Mono causing Herpes Virus Flashcards Preview


Most important factor in ability to infect

Cell attachment. Number one requirement


Herpes viruses

All can cause latent infections. 8 main human pathogens. DNA viruses.



cold sores



genital Herpes lesions



chickenpox and shingles



aka EBV. Most common cause of Infectious Mononucleosis (IM). Associated with Burkitt’s lymphoma and nasopharyngeal cancer



aka CMV. congenital disease + disease in immunocompromised


First indications for mono

atypical lymphocytes up! liver enzymes up, throat culture negative (not strep). Symptoms: hoarseness, difficulty swallowing, sore throat, fever, fatigue, myalgia, enlarged tonsils, lymph nodes (cervical), splenomegaly


Atypical lymphocyte description

larger, nucleus looks lacey and spread out. Latent infection in B cells. viral genome does not normally integrate into the cellular DNA but forms circular episomes which reside in the nucleus.


DDX - other possibilities

Infectious mononucleosis due to CMV or EBV (more common than CMV), streptococcal pharyngitis, retropharyngeal abscess, gonococcal pharyngitis, and toxoplasmosis


IM - characteristics

Primary EBV infection: usually subclinical in childhood. Adolescents and adults: 50% symptomatic infection. IM is usually a self-limited disease. Atypical lymphocytes (activated CD8+ T cells). Cytokines cause disease symptoms. Complications occur rarely but may be serious (e.g. splenic rupture, meningoencephalitis). In few, chronic IM can occur (patient dies of lymphoproliferative disease or lymphoma)


Incubation and transmission of IM

30-50 days. Transmitted primarily by saliva. Can be spread by asymptomatic individuals.


Children show symptoms of mono less. Why?

The symptoms are mostly due to the immune system response. Since they have less developed system, they don’t show it as well.


Testing for IM

Heterophile AB (reaction to RBCs from other animal - weird but it works. Show up around 2wks). Negative in 10-15%, so need more specific ones to EBV (IgG and IgM)


Pathogenesis - carrier

Lifelong carrier state: low grade infection kept in check by the immune defenses. EBV is able to immortalize B-lymphocytes in vitro and in vivo. Few EBV-immortalized B-cells can be demonstrated in the circulation -which are continually cleared by immune surveillance mechanisms.



In developed countries, 2 peaks of infection are seen: the first ages 1 - 6 yr and the second 14 – 20 yr. Eventually 80-90% of adults are infected. In developing countries, infection occurs at a much earlier age so that by the age of two, 90% of children are seropositive.


Diseases associated with HSV-4

top 4 most common. 1. Infectious Mononucleosis 2. Burkitt's lymphoma 3. Nasopharyngeal carcinoma 4. Lymphoproliferative disease and lymphoma in the immunosuppressed. 5. X-linked lymphoproliferative syndrome 6. Chronic infectious mononucleosis 7. Oral leukoplakia in AIDS patients 8. Chronic interstitial pneumonitis in AIDS patients.


Burkitt’s lymphoma

B cell malignancy. Common in children in Africa and Papua New Guinea. Found in areas with malaria (causes immunosuppression). Responds well to chemo.


Complications of EBV

Ampicillin rash (like Joc! Test first!). Airway obstruction. Splenic rupture (life threatening but rarer)


Risks of immunosuppressed individuals

Lymphomas. encephalitis, myocarditis, hepatitis, malignant B cell tumors. EBV and AIDS: oral hairy leukoplakia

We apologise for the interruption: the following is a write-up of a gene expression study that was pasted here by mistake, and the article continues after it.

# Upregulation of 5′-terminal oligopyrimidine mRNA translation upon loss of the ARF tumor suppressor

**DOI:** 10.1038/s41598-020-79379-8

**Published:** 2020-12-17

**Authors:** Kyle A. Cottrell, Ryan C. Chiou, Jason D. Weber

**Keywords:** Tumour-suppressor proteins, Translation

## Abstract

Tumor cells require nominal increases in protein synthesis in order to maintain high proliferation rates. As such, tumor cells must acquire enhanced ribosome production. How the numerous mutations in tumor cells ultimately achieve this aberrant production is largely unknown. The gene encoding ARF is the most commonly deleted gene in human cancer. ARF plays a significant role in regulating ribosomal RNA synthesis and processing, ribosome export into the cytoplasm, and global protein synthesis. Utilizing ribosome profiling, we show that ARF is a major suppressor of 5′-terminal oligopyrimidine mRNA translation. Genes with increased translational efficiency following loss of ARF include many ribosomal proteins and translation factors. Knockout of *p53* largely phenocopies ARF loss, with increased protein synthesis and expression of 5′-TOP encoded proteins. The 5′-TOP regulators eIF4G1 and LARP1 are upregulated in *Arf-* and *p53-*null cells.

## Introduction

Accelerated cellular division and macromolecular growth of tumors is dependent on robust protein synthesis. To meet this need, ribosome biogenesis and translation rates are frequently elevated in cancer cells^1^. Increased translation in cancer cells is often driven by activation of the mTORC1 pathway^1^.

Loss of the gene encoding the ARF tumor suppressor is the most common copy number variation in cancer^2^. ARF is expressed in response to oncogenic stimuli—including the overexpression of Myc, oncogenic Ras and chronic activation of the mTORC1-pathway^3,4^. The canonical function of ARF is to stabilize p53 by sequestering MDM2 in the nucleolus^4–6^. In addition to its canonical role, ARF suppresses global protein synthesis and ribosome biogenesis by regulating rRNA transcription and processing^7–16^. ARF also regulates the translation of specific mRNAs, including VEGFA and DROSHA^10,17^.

Tx for IM/EBV

Antivirals ineffective. No vaccine! Just deal with it and wait it out.



CMV most common in immunosuppressed transplant patients. Must differentiate from CMV, HSV, and fungi such as Histoplasma capsulatum, Cryptococcus neoformans, Mucor and Aspergillus. (All of these organisms can cause pneumonia and gastritis)


CMV characteristics

CMV = one of most successful human pathogens. Transmitted vertically or horizontally usually with little effect on normal host. Developed countries: 40% of adolescents infected and ultimately 70% of the population developing countries, over 90% of people are ultimately infected. Transmission may occur in utero, perinatally or postnatally. Once infected, you have a friend for life


CMV congenital infection

Transmission to fetus may occur following primary or recurrent CMV infection. 40% chance of transmission to the fetus following a primary infection. Possible during all stages of pregnancy. Damage to fetus results from destruction of host cells. Can cause problems much later in life of child


CMV infection (not in fetus)

Usually asymptomatic except for a few cases of IM (clinically indistinguishable from EBV). Can cause Infectious Mono: Fever, pharyngitis, lymphadenopathy, splenomegaly (although less common than in EBV). Also self limiting. No run to heterophiles AB, test for specific AB


CMV symptoms in immunosuppressed

Spiking fevers most common symptom. Recipients of bone marrow: Pneumonitis most common. Recipients of solid organ transplants: Hepatitis, Thrombocytopenia, Pneumonitism, Vasculopathy after cardiac transplantation or graft rejection



25% of patients develop disease due to CMV. Disseminated disease common. 90% of infections are retinitis. Esophagitis, Colitis, Encephalitis, Polyradiculopathy: flaccid paralysis result


CMV pathogenesis

Replicates in many types of tissues and cells. Primary infection is followed by latent infection in granulocyte precursors and macrophages. Formation of giant cells (cytomegaly). Postnatal infection mainly occurs through saliva. Sexual transmission may occur as well as through blood and blood products and transplanted organ.


CMV Diagnostic tests

Cell culture; Histological exam of “suspect” tissues; DFA (fluorescent dye-labeled AB); PCR and other molecular methods; Virus in urine; Serology: finding of CMV IgM (ELISA or EIA)


CMV treatment

Gancyclovir (acyclovir variant). Same mode of action as acyclovir. Foscarnet can be used in cases of resistance. No vaccine.